Hot money inflow loses momentum
The flood of hot money into Hong Kong dried up in the first quarter but there was no cause for concern, said monetary chief Norman Chan Tak-lam yesterday.
The head of the Hong Kong Monetary Authority said there had been HK$640 billion of inflows in the 15 months to the end of last year as investors chased numerous new listings in the city, the world's largest market for initial public offerings last year.
But there were no inflows in the first quarter, Chan told legislators at the monthly financial affairs panel meeting. But he added that there was no sign that money had been leaving the city either.
'People are happy when hot money flows in, but they worry when it flows out,' he said.
'Even if there was a hot money outflow, it means the market would just return to normal. This is good for Hong Kong as hot money inflows keep interest rates low and force up asset prices.'
Chan said the downturn in the stock market and the stronger US dollar had stopped the hot money flowing in. 'This trend may be turned around if the IPOs become active again,' he said.
However, this is unlikely to happen as many companies are postponing their IPOs and other fund-raising plans in the current market climate.
The poor market sentiment in the first quarter also hurt the performance of the Exchange Fund, the reserve that backs the Hong Kong dollar and which the HKMA invests in bonds, stocks and local and foreign currencies.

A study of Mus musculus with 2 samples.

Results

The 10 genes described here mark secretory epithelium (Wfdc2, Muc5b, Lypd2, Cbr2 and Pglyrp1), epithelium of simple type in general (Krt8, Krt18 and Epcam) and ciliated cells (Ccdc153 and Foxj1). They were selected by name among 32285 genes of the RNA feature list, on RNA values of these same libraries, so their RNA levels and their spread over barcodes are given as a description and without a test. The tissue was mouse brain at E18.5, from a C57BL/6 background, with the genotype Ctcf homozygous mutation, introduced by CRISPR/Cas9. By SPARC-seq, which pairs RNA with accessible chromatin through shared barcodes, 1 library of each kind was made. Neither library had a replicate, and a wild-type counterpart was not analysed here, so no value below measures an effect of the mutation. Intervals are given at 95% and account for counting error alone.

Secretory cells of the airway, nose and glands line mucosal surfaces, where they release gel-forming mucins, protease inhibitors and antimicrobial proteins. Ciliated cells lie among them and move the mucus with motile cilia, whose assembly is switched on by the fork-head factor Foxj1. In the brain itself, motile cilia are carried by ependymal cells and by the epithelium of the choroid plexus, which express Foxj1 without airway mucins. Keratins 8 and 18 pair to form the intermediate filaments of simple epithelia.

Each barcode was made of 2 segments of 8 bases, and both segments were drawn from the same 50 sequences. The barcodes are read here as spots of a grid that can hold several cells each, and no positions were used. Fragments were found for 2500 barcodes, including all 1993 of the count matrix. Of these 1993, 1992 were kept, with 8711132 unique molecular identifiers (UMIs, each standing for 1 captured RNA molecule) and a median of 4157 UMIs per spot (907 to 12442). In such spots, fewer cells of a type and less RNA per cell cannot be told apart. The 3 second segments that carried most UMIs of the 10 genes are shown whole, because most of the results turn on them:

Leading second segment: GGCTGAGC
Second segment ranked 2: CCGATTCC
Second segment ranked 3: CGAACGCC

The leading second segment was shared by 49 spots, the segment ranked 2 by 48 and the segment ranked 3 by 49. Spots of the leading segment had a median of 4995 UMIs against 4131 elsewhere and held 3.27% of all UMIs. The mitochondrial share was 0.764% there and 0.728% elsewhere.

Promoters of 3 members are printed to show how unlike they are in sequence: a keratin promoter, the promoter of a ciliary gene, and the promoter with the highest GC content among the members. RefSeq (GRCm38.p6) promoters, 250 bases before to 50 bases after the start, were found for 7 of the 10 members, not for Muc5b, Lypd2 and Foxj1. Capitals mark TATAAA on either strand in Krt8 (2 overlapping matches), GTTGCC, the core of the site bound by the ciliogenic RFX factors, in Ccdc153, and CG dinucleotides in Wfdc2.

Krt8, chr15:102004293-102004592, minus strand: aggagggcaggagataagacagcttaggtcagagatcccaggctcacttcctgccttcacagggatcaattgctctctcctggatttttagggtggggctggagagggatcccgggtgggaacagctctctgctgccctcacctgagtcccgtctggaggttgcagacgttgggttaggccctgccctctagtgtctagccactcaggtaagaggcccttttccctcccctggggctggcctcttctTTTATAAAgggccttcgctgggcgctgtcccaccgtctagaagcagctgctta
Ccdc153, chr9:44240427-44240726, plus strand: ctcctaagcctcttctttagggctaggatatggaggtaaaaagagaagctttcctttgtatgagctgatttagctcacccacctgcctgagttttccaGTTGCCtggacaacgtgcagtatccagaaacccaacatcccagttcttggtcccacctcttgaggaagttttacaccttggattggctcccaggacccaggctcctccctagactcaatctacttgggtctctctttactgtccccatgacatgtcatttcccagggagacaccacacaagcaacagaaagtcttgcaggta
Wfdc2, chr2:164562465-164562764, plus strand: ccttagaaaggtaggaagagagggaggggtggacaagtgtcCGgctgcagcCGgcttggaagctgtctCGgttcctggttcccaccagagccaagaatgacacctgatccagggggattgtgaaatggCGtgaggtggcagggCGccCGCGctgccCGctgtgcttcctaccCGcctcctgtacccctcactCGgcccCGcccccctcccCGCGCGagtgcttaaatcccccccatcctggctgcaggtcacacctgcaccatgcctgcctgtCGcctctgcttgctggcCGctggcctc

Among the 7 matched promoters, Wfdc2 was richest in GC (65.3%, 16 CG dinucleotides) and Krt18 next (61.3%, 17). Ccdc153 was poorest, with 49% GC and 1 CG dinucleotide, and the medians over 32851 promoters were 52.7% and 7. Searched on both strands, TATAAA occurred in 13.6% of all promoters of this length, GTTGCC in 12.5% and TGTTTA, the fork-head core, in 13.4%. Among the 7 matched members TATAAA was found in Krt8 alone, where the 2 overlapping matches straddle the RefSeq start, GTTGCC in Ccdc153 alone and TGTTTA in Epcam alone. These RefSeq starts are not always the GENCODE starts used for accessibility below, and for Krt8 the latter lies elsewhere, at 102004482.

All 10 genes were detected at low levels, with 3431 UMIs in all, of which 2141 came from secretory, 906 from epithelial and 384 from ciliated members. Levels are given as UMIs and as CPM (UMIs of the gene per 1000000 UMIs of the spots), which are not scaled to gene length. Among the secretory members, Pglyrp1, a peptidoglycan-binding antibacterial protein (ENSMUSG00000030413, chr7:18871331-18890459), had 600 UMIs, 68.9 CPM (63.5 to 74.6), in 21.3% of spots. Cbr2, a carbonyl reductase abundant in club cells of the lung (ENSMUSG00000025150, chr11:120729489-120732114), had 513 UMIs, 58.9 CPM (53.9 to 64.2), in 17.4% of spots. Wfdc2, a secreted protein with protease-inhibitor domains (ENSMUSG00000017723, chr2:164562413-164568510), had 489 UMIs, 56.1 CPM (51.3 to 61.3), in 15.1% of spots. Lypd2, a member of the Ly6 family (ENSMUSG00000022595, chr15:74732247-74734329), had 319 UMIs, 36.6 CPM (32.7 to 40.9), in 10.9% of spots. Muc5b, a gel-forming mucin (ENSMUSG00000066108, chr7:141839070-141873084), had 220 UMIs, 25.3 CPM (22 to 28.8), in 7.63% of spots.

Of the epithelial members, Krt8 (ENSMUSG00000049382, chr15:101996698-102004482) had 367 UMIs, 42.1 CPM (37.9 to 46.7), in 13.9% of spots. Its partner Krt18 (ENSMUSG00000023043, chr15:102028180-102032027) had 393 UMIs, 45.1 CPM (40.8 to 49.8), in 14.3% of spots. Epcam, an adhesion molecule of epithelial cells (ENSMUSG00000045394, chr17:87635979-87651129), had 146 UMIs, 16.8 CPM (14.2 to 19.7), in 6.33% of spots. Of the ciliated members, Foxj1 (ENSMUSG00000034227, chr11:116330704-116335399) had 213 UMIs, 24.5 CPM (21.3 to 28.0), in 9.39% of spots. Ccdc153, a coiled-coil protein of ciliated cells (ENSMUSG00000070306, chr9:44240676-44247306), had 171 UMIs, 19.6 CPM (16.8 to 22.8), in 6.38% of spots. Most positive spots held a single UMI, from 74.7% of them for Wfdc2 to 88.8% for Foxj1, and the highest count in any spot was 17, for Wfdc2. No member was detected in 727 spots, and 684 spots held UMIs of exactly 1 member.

The fund reported an investment income of HK$10.8 billion in the first quarter, up slightly on the HK$10 billion of the previous quarter. This compared with a loss of HK$33.5 billion in the first quarter last year when the market was still in the throes of the financial crisis.
However, the first-quarter result was lower than the strong investment return of HK$71.9 billion in the third quarter last year and HK$58.5 billion in the second quarter last year. During the first three months, the fund lost HK$3.1 billion in Hong Kong stocks and HK$8.7 billion in foreign-currency investment, which was offset by HK$11.4 billion of earnings from bonds and HK$11.2 billion from overseas stocks.
Independent legislator Regina Ip Lau Suk-yee criticised the loss. 'There are many retail investors who have earned more from the stock market than the Exchange Fund. The HKMA should explain its poor investment decision and if any of its staff were responsible for the poor investment,' Ip said.
Chan said the Exchange Fund was not purely for investment but was to maintain the stability of the financial market so its performance should not be directly linked with other privately run funds. 'We should take a longer-term view for the Exchange Fund's investments and should not be too concerned about the short-term volatility,' Chan said.
He warned of a bumpy road ahead due to problems such as the European debt crisis.